I would imagine most of you have some Christmas decorations up and out already. If not, well what are you waiting for? It’s the most wonderful time of the year. Come join the party. Most of you have a tree by now, and there are lights going up all over neighborhoods and retail stores. I have even received a couple of Christmas cards in the mail. And quite a few of you have a nativity scene somewhere in your home. It has probably has a little stable or barn, with some shepherds, sheep, wise men, and an angel. Then there is Mary and Joseph, and of course the baby in a manger — Jesus, the son of God.

I love nativity scenes. Even though they can be a little too clean and sterile compared to the reality of the first Christmas, I still find them to be warm and inviting. It is as if I hear a voice speaking from the manger, “Come closer! Come near to me.”

This truly is the invitation of Christ’s manger. God could not stand for there to be distance between himself and humanity any longer. Sin left us broken, damaged and exiled from the presence of God. God gave humanity his law and commandments, but they just revealed how bad our problem of sin really happens to be. No matter how hard we try, we continue to break the commandments of God. Finally heaven came down in person because God wanted to deal with the problem of sin and end our separation.

Due to our sin, God was not with us and not for us. He stood opposed to our sin, and we were under the penalty of his judgment. Scripture makes clear that sin always separates us from our Heavenly Father.

Then Christmas came! All throughout the Old Testament, God warned his people of the consequences of our sin and disobedience. At the same time, however, God made many promises — promises to send a Messiah who would save us, change us, forgive us, heal us and restore us.

The Lord spoke about our brokenness and separation, but promised a time was coming when people would know him personally — when we would be his people and he would be our God. These promises spoke of a restoration between God and his people where we could draw close to God once again.

The first chapter of Matthew records part of the birth narrative of Jesus. The angel of the Lord appeared to Joseph encouraging him to stay with Mary and take her as his wife. The angel assured Joseph that her pregnancy was not an immoral indiscretion but a supernatural God thing. He spoke of this child and revealed he was one who God had spoken of all throughout scripture. The angel declared, “She will give birth to a son, and you are to give him the name Jesus because he will save his people from their sins. All this took place to fulfill what the Lord had said through the prophet, ‘The virgin will be with child and will give birth to a son, and they will call him Immanuel’ which means ‘God with us.’” (Matthew 1:22, 23)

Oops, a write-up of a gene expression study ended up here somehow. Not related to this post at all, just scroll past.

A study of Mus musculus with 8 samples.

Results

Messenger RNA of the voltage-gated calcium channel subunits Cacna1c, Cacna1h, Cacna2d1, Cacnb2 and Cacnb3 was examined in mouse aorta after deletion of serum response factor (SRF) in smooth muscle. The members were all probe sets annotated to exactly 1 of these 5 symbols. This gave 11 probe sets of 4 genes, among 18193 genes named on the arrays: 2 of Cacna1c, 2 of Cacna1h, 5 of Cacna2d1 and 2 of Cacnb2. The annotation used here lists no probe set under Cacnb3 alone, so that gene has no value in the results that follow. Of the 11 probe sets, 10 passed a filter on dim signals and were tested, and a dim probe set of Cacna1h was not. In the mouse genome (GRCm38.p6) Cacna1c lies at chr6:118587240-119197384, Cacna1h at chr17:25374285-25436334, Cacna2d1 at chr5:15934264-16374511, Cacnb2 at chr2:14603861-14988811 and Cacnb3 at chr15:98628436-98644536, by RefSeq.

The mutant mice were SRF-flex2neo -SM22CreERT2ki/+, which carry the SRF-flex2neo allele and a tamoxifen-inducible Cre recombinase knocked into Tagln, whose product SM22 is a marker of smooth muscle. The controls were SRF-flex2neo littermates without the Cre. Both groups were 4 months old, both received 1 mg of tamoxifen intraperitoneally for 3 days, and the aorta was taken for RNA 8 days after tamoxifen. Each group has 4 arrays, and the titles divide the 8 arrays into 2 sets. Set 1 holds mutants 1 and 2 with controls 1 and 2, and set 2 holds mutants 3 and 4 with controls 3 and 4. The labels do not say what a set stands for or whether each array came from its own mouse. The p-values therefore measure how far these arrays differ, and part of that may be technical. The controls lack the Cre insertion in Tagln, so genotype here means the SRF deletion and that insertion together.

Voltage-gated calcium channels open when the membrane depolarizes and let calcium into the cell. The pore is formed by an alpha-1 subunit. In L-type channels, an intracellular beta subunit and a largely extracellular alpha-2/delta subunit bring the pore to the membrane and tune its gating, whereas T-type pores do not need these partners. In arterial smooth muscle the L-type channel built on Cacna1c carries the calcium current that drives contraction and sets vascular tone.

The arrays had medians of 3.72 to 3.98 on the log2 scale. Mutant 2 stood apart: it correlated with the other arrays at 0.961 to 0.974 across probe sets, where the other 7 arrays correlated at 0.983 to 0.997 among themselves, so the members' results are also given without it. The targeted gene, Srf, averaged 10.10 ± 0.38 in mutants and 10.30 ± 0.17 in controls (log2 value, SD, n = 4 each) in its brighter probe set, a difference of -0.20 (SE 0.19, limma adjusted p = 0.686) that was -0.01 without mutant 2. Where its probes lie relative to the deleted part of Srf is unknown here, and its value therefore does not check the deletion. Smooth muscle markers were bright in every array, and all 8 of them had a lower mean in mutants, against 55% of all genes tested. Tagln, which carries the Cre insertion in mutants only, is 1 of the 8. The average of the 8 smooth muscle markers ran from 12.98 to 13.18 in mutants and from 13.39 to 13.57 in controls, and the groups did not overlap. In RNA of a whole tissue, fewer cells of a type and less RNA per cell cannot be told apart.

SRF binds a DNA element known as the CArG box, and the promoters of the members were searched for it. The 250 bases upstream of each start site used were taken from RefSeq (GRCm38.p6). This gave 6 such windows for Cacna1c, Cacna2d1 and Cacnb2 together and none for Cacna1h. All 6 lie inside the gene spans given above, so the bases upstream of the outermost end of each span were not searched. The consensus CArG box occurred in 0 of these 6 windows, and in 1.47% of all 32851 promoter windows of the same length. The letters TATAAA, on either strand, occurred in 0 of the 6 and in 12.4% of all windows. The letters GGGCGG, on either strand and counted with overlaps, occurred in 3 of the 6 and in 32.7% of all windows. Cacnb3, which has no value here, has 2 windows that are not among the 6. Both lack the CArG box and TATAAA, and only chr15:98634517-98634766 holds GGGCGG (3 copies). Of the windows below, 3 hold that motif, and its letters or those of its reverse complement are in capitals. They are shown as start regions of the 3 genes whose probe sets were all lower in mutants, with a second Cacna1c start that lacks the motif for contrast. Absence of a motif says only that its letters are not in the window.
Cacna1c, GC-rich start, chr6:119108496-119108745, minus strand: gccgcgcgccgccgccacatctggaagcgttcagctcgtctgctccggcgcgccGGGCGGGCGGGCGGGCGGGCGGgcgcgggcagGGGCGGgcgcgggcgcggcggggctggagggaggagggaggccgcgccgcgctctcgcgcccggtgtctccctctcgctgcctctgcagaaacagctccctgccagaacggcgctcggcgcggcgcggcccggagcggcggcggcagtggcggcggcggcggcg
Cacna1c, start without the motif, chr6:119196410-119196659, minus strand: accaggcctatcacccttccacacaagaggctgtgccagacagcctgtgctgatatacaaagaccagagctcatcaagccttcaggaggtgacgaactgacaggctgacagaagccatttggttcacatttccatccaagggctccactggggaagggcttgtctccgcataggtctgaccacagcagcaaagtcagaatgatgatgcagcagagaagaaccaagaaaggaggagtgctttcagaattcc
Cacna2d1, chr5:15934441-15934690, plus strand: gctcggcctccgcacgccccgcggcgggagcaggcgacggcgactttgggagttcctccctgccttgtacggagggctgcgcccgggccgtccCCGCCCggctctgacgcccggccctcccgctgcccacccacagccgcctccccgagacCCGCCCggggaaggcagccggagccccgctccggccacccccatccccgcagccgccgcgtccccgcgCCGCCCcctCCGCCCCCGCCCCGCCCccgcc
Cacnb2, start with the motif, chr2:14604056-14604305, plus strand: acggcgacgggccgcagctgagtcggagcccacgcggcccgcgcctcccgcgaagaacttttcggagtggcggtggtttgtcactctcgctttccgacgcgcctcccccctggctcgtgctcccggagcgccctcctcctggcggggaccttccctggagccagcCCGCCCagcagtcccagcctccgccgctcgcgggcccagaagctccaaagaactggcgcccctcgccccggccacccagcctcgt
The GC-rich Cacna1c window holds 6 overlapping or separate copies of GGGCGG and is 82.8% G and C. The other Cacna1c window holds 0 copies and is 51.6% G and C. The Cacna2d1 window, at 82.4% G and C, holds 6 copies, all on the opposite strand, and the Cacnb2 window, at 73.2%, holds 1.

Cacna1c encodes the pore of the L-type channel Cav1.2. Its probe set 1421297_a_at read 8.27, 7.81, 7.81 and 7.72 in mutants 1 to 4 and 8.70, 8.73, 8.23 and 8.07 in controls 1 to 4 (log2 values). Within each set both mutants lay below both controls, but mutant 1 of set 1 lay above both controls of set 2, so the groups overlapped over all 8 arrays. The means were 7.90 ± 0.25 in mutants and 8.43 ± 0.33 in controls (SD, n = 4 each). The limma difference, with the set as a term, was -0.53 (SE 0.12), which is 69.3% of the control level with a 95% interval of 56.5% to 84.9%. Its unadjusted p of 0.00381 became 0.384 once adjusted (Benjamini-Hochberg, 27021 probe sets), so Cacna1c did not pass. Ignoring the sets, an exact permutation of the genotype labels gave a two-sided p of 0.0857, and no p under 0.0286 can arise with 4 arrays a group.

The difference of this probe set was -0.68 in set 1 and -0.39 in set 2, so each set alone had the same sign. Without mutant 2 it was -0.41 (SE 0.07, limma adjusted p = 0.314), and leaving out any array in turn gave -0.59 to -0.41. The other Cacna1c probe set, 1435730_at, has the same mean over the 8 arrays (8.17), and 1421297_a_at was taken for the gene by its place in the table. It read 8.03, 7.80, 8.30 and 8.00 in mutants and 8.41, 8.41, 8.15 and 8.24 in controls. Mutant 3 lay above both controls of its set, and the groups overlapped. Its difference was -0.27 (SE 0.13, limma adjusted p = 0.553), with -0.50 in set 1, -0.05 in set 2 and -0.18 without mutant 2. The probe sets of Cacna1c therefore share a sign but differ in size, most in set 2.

Jesus literally means “one who saves.” Jesus came to save his people from their sin. His innocent life and sacrificial death in our place would allow us to experience forgiveness and grace and bring us home again.

Sin removed us from the presence of God, but Jesus came to save us and restore us again.

He also was to be called “Immanuel” which means “God with us.” Isaiah prophesied this about Jesus 750 years before he would come. And now he had come. Jesus was God’s touch to become up close and personal again. This baby in a manger was actually God in the flesh. It was not just some commandments and a cloud above the tabernacle. It not was no longer just a voice speaking through the prophets.

This child was not just a messenger from God, but he was and is God. And he beckons us to come close. This bigger than life God became personal enough for you to get your arms around him — and his arms around you.

So come.

Come closer to this child, and you will find yourself in the arms of God. And that’s the Word.

The Rev. David Yarborough is pastor of St. Simons Community Church. Contact him at david@sscommunitychurch.com or 912-634-2960.

More from this section

John Peters has always had a passion for community theatre. He has been an active member in productions since 1984, when he staged shows in Florida. This year, however, will be his first time participating in one of the city’s most popular Christmas traditions — the staging of “A Christmas Carol.”

When blood stops flowing to part of the brain because of a clot or a bleed, millions of brain cells begin to die within minutes. And while dead brain cells can’t regenerate, new protocols are helping people get treatment sooner and improving outcomes for stroke victims who receive care withi…

Sharon Proudfoot’s copy of Handel’s “Messiah” is well worn. It’s yellowed and tattered, so much so that paper clips are needed hold its cover and pages together. It’s understandable — it’s been through a lot, years of practicing and rehearsing with the Golden Isles Community Messiah Choir.